Sunday, November 25, 2007

Men Matter: Lashes for Everyone

Introduction
From time to time, when some feminists point out something that shows that misogyny has deep cultural roots, some anti-feminist, MRA, or genuinely concerned person will put forth their opinion that feminists tend to give short shrift to the ways in which men are harmed by other men. These men (and women, sometimes) think that, because many feminists focus a good deal of their attention on the hardships of women, that said feminists are somehow slighting men, saying that the hardships men face aren't worth talking about at all. Many of the people commenting in this way think that men deserve 'equal time'.

I don't think it's the case that men deserve equal time from feminist women in general. This is a controversial point, probably, but I tend to think that it's feminist men who need to better articulate the harms that traditional gender roles sometimes have on men. And yet, I also disagree with the aforementioned commentors on a factual matter: They tend to claim that feminist women don't value the well-being of men--that men are completely left out of feminist analysis, except when noting the patriarchy. I disagree. Most of the feminisms that I find myself engaging in acknowledge the harm men face as regards rigid gender roles, and most of the feminists I interact with do more than acknowledge these harms. So, while I don't think that women feminists in any way need to prove themselves to these commentors, I find myself wanting to simply note a few counterexamples that I find through my daily perusal of feminist blogs and literature, as well as through my conversations with other feminists. I hope this will become a resource, over time, for people to recognize and remember that the lives of men are, indeed, important to feminists.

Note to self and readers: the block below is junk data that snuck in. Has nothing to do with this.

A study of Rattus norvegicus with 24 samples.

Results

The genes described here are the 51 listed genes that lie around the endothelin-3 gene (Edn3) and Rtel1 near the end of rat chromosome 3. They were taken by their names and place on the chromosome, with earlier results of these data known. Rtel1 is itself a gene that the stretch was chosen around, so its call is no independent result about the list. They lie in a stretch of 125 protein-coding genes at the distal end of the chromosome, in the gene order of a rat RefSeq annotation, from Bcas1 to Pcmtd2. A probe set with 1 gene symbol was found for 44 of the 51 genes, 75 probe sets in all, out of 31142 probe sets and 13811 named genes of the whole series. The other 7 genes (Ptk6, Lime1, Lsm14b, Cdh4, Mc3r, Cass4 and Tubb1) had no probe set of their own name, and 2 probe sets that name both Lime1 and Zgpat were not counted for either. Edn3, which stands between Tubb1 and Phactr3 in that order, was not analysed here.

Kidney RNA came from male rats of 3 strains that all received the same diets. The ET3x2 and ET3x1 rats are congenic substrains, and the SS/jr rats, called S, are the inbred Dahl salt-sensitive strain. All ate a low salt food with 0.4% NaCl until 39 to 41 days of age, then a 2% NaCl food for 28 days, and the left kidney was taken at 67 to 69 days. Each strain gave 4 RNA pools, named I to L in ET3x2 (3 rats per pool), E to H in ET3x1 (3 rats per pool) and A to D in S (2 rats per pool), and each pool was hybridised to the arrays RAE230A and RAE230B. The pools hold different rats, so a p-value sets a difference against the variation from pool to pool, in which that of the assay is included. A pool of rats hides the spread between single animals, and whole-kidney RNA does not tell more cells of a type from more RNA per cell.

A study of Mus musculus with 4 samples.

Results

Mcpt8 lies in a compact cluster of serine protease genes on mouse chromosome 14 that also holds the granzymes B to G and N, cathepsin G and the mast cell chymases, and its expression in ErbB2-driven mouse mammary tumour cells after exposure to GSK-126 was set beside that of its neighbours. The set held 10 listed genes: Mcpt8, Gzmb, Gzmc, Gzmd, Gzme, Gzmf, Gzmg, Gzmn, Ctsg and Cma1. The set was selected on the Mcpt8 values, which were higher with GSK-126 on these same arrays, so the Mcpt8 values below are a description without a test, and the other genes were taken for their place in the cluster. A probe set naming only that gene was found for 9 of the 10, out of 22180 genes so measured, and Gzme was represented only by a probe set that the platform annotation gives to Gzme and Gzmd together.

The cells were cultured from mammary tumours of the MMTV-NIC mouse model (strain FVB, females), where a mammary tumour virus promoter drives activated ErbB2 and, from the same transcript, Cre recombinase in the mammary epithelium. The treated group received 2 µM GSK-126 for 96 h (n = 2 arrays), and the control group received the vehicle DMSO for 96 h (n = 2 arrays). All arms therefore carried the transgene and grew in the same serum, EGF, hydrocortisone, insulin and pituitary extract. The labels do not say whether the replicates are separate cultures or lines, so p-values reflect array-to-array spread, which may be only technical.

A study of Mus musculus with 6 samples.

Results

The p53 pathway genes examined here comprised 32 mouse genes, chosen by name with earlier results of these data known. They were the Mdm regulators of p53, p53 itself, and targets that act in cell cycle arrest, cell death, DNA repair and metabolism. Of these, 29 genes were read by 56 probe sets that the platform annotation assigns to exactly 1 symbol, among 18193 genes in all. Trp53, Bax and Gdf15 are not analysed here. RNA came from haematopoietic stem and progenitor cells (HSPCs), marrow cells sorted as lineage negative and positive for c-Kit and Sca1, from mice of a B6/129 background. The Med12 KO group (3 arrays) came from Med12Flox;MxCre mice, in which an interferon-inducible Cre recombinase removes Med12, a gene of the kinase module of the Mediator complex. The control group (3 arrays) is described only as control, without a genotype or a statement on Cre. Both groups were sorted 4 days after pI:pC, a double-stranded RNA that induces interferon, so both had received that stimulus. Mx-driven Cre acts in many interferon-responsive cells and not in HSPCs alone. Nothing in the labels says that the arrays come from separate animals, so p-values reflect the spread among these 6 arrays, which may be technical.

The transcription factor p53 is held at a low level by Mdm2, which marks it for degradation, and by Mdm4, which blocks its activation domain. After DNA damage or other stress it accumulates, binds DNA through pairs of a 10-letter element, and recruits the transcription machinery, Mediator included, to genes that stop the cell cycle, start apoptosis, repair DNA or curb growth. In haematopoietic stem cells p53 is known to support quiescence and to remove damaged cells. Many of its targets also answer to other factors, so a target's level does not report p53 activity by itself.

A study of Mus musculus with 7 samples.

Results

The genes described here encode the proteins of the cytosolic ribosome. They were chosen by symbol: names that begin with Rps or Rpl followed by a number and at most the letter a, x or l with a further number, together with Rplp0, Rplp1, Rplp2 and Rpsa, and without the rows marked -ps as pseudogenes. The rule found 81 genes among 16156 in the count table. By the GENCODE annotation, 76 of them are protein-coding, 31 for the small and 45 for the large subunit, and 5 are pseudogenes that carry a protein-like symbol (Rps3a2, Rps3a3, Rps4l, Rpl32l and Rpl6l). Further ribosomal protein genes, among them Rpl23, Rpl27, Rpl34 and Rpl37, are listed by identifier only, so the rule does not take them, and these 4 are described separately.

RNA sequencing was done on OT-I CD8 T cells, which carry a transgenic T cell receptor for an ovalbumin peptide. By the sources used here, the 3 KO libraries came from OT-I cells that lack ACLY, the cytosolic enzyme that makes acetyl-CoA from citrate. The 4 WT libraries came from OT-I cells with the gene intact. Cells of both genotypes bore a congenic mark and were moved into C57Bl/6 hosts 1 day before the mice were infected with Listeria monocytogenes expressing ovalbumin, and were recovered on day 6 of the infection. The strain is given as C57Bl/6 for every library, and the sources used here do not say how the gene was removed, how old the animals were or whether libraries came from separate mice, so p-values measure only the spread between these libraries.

First up, Jill from Feministe notes that most media outlets are picking up a story about a woman in Saudi Arabia being punished with 200 lashes for being raped, but these same media outlets are generally playing down (or ignoring all together) the fact that a man who was with her was also raped, and is also being punished (though it's unclear for what at the moment) by lashing. And why might the media be doing this? Because it helps to reify the idea that women are treated so badly within "other" cultures, without addressing the fact that men and women are often treated horribly. Jill says:
This is a women’s rights issue, and it’s a human rights issue. But the erasure of the male rape survivor serves a variety of purposes, of which highlighting women’s rights abuses is only one. It lets us separate us from them; when we highlight the atrocity of a rape victim being put on trial, we allow ourselves to ignore all the other ways that our own systemic human rights abuses reflect those of Saudi Arabia: the death penalty, secret prisons, harsh punishments for juvenile offenders, lack of due process rights, disproportionate prosecution of minorities, and on and on. We position ourselves as the enlightened saviors, the ones who speak truth in the face of a nation of backwards Muslims. Of course, the people who were initially outraged over this case and who publicized the woman’s cause are Saudi — the lawyer, human rights activists, the media. And while that gets a mention, it’s only to further highlight the backwardness of Saudis.

And I think it's important to note explicitly that it isn't feminists who are ignoring the plight of this man; rather, those who have it as part of their interests a hyper-masculine sort of patriotism (i.e. Americuh needs to go save those women!) are the ones creating the silence around this poor man. In fact, if it weren't for Jill and Feministe, I wouldn't have known about the man in the story at all, even though I've ready many accounts from mainstream media about it.